A masterpiece in Portuguese Gothic style, the Monastery of Santa Maria da Vitoria, in Batalha, immortalises Portugal’s victory over Castile – one of the most decisive events for the country's independence.
Monastery of Batalha
The Monastery of Batalha was promised by King John I, Master of Aviz, to the Virgin Mary in 1385: if Portugal won the Battle of Aljubarrota against the Castilian, then a monastery would be built there.
The Monastery’s construction works took almost 200 years, in which period of time seven Kings ruled Portugal. The Master of Aviz bestowed the Monastery to the Order of Sao Domingos. The Monastery was in the possession of the Dominicans until the religious orders became extinct, in 1834, after which it became State property.
The Monastery of Batalha was seen as a sign of changes, it was different to all works until that date, and it asserted itself as a project that served to legitimise the new dynasty – the Aviz dynasty.
You can visit the following at the Monastery: The Main Gate, the Founder's Chapel, the Church, the Glass Windows, the Chapter House, and the Imperfect Chapels.
GPS 39°39'32.97"N 8°49'31.94"W
OTHER POINTS OF INTEREST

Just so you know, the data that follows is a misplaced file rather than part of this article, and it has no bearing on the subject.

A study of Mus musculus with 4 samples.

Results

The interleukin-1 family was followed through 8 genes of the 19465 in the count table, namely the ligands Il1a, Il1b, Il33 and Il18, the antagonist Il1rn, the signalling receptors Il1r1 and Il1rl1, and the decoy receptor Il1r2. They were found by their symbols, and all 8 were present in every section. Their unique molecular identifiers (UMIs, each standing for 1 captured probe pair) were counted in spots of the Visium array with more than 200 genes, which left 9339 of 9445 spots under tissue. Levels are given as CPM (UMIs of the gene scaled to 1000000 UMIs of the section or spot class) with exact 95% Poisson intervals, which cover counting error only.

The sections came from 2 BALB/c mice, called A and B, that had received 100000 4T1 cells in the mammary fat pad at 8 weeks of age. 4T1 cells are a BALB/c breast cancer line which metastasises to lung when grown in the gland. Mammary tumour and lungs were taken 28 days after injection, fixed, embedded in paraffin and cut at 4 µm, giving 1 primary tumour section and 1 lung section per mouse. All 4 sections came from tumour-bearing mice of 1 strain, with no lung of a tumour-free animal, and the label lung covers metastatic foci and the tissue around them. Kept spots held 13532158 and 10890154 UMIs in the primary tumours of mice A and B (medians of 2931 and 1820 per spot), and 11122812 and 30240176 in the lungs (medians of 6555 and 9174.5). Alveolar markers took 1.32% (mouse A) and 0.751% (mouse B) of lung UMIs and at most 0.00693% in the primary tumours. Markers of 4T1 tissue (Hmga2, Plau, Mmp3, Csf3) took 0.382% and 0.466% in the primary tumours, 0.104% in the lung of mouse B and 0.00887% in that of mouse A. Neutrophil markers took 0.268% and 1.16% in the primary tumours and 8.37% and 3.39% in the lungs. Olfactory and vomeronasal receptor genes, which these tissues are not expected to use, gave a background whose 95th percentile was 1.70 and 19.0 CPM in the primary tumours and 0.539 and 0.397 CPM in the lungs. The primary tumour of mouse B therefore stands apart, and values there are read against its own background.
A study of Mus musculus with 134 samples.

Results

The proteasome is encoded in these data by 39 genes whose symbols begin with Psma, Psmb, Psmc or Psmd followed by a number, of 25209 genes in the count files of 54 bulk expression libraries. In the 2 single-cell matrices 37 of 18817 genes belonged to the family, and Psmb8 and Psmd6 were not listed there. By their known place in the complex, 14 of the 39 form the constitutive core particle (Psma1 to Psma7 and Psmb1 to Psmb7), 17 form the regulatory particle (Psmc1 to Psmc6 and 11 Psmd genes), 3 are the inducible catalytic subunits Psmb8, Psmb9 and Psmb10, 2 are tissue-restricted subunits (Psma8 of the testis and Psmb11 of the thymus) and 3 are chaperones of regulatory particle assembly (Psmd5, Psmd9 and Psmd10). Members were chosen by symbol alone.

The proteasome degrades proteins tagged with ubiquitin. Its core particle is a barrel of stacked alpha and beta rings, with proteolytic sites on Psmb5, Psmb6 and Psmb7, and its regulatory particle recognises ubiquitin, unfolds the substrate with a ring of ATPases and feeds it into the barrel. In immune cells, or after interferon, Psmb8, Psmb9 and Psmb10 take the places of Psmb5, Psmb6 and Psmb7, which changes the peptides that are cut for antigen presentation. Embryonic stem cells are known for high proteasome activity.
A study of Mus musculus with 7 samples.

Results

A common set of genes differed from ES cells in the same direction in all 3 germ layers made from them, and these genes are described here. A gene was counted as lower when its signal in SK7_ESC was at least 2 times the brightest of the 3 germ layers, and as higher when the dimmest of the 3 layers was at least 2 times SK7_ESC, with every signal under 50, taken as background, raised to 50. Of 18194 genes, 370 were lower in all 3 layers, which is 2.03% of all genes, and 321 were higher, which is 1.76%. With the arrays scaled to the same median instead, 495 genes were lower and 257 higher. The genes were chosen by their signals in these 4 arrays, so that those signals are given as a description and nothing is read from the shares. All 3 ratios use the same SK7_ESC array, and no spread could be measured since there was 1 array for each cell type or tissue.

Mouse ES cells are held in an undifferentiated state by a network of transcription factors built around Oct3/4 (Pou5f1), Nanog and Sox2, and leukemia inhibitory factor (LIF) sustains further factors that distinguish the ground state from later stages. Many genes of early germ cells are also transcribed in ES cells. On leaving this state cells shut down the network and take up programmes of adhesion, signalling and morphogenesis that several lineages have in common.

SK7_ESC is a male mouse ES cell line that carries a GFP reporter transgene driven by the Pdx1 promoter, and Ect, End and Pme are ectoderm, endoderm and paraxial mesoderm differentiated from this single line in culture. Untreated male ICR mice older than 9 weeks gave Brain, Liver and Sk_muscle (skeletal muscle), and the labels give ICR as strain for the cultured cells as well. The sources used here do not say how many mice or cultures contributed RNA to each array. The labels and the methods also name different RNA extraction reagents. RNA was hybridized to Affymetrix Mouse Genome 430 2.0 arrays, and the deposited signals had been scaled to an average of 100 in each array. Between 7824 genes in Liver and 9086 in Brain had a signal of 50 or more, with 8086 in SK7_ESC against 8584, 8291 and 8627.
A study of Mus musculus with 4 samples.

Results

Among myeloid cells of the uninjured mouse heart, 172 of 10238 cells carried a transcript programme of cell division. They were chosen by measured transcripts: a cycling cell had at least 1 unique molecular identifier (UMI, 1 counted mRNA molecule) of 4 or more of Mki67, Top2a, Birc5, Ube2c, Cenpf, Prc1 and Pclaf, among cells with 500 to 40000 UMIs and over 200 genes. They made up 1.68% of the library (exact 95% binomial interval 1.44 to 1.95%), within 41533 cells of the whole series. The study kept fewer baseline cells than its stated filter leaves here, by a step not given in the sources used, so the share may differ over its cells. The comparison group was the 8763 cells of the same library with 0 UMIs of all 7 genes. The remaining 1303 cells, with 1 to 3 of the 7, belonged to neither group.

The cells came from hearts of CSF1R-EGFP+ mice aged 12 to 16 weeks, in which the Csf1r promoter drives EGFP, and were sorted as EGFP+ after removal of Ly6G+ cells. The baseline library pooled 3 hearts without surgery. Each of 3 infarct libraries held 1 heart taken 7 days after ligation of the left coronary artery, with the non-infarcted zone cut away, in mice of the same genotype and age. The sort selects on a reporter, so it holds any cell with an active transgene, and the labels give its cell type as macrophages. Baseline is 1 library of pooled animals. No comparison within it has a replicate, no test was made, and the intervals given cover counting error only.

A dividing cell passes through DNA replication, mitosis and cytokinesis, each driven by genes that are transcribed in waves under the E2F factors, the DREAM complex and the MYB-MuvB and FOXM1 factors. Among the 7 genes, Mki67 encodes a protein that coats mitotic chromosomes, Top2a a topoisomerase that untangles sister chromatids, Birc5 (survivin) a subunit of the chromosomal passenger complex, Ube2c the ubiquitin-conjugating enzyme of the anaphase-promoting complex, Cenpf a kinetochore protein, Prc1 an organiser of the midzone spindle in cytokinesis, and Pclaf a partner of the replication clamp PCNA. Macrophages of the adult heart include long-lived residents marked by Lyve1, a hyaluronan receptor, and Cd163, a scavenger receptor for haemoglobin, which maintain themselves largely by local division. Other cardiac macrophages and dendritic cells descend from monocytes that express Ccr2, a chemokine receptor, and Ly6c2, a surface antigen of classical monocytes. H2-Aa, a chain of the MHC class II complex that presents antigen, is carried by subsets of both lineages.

The Boutaca Bridge is the only one in the country that still maintains the toll houses, which were used to charge a fee for passing by in ancient times. Located over Ribeira de Calvaria, surrounding the Monastery of Batalha, this bridge was part of the ancient Royal Road connecting Lisbon to Oporto.
King Luis had the bridge built in 1862 on top of six ogival arches interspersed with abutments.
GPS 39°39'29.21"N 8°49'51.27"W
Batalha Municipal Community Museum
This Museum is a cultural centre that combines all the research, preservation, and cultural heritage development functions. The Batalha Municipal Community Museum aims at representing the way of life of the local population by depicting the life of this place, since its geological, paleontological, and archaeological origins.
GPS 39°39'27.75"N 8°49'29.90"W
Sanctuary of Nossa Senhora do Fetal
According to tradition, there were many wonders and blessings in the17th century, where a chapel was built after Our Lady appeared to a shepherdess. Many worshippers flock to the sanctuary chanting the rosary, especially during Lent.